Crisis Centre of BC helps deliver care to youth in crisis ‘right now’
Submitted by Enbridge Inc.
Two teens are sitting outside their high school at lunch. One is having a tough time, feeling disconnected and hopeless.
The friend recognizes they need help. But in their rural community, in-person mental health services are hard to come by. They might need to wait weeks to see a professional, and the teen needs help now.
An idea comes to mind: they could call a crisis centre together.
That moment of identifying crisis intervention services is key, says Jeffrey Preiss, director of development and communications at the Crisis Intervention and Suicide Prevention Centre of British Columbia.
“There comes a time for some folks where it's just too much, and the pain outweighs their ability to cope. That's when knowing about the crisis lines is really important,” he explains.
Through the COVID-19 pandemic, the crisis centre saw an increase of 25% in the number of calls to its 24/7 emergency crisis care telephone line, which serves an area from the city of Vancouver in British Columbia’s southwest up the coast to the remote community of Bella Coola.
Not only did call volume increase but so did the length of calls and the need for suicide risk assessments.
“That’s a big shift,” Preiss says, and “we haven’t seen the increased volume go down.”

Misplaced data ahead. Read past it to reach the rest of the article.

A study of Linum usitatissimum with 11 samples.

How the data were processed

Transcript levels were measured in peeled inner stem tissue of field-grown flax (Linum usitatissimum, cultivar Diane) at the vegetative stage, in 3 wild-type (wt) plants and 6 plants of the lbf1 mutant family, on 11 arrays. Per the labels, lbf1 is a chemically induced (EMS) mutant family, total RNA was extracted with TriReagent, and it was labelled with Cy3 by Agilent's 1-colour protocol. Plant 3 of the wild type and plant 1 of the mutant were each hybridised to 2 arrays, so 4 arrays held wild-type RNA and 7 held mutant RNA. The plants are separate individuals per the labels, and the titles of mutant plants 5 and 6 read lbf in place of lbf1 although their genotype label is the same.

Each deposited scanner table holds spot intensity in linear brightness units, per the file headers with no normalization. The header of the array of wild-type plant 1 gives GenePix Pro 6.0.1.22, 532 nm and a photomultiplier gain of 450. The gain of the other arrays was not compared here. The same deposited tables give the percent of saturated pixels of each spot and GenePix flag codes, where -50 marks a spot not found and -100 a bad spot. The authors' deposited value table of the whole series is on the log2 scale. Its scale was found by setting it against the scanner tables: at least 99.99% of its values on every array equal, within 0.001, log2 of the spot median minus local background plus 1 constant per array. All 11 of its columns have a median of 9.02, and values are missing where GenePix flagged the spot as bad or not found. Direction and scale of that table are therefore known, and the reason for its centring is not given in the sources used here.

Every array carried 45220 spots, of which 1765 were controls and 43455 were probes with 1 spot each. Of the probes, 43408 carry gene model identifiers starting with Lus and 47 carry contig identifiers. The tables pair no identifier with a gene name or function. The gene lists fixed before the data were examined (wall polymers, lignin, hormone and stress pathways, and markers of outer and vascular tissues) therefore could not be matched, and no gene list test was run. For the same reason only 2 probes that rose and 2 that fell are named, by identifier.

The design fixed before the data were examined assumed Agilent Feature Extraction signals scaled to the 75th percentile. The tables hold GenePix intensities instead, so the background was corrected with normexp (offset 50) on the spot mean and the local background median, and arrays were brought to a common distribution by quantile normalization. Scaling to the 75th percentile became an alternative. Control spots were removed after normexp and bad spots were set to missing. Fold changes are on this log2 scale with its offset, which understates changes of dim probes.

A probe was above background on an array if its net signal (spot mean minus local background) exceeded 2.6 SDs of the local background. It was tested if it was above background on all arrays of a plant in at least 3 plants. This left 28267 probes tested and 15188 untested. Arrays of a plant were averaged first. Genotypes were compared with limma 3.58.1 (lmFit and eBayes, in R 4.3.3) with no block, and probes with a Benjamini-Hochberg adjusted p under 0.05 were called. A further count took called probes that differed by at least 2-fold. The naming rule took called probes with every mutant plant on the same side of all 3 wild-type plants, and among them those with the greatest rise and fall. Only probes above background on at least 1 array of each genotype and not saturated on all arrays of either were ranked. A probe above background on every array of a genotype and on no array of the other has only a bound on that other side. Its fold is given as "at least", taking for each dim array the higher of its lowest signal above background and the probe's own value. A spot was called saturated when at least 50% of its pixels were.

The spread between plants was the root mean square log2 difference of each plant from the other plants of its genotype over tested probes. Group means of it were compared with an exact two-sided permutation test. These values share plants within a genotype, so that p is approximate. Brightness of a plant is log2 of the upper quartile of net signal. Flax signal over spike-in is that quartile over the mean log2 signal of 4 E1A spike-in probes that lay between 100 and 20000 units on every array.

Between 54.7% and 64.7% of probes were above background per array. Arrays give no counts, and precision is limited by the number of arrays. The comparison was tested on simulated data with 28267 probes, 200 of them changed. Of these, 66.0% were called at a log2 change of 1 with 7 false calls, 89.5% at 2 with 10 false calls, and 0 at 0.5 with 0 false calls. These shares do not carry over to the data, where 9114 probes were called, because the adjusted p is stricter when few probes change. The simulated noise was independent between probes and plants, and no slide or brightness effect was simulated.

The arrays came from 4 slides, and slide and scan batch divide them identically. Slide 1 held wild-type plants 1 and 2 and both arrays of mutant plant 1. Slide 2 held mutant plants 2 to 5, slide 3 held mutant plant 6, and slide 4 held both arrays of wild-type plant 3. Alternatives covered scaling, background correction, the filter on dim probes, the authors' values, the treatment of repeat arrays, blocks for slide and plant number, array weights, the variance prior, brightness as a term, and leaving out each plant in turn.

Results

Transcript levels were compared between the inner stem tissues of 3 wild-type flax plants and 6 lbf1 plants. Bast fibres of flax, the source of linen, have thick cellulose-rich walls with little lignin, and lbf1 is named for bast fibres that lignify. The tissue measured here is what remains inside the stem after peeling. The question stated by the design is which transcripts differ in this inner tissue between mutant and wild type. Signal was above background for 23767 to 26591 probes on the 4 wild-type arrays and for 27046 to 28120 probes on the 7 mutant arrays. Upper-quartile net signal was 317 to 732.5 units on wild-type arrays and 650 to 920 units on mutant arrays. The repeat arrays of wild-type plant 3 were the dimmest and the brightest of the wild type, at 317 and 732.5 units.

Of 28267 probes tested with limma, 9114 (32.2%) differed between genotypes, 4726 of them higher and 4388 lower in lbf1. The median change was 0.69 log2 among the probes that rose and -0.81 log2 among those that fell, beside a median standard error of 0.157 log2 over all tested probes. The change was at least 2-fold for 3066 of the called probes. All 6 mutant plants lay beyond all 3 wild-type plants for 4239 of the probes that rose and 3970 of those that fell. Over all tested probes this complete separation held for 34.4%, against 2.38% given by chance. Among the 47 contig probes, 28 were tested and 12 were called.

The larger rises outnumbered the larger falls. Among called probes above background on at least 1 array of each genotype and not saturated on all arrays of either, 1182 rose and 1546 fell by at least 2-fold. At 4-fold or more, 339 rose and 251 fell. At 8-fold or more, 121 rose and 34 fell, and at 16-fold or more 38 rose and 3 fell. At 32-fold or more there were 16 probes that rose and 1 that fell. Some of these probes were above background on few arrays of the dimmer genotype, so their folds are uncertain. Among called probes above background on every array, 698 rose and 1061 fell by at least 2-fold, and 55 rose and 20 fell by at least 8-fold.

The Crisis Centre of BC is funded partly by the provincial government; donations from the community and grants from businesses and organizations make up the rest of the funding. The latter allows the non-profit to complement its call centre and online chat services with prevention work, such as workshops in schools and programs to help specific at-risk populations, such as youth aging out of care.
Through our Fueling Futures program, Enbridge is committed to building safe, vibrant and sustainable communities in the regions where we live and work. A recent $5,000 Fueling Futures grant will support the Crisis Centre of BC’s important work with youth, and help the centre improve services to rural areas.
“So many rural and remote communities don’t have access to hospitals or mental health clinics or mental health walk-in centres like urban centres do,” Preiss says. “We want to make sure youth in those communities have as many resources as they can to ensure their mental health is taken care of.”
To better reach these youth, the crisis centre developed MindFlip, an online app that teaches users brain science and skills for mental fitness—emotional regulation, self-awareness, self-compassion and mindfulness. The app was designed in collaboration with a group of teens.
With call volumes at an all-time high, the centre must balance the need for prevention work while also being there at the moment of need.
“It's absolutely a human connection that people are craving in that moment of crisis. They need to talk to another human,” Preiss says. “Our goal is to support youth and ensure they’re safe and have resources they need for right now.”
If you or someone you know is struggling, the Crisis Centre of BC encourages you to seek help.
Here are some warning signs:
In case of emergency, call 1-800-SUICIDE in British Columbia or the Talk Suicide Canada line, which operates across the country, at 1-833-456-4566.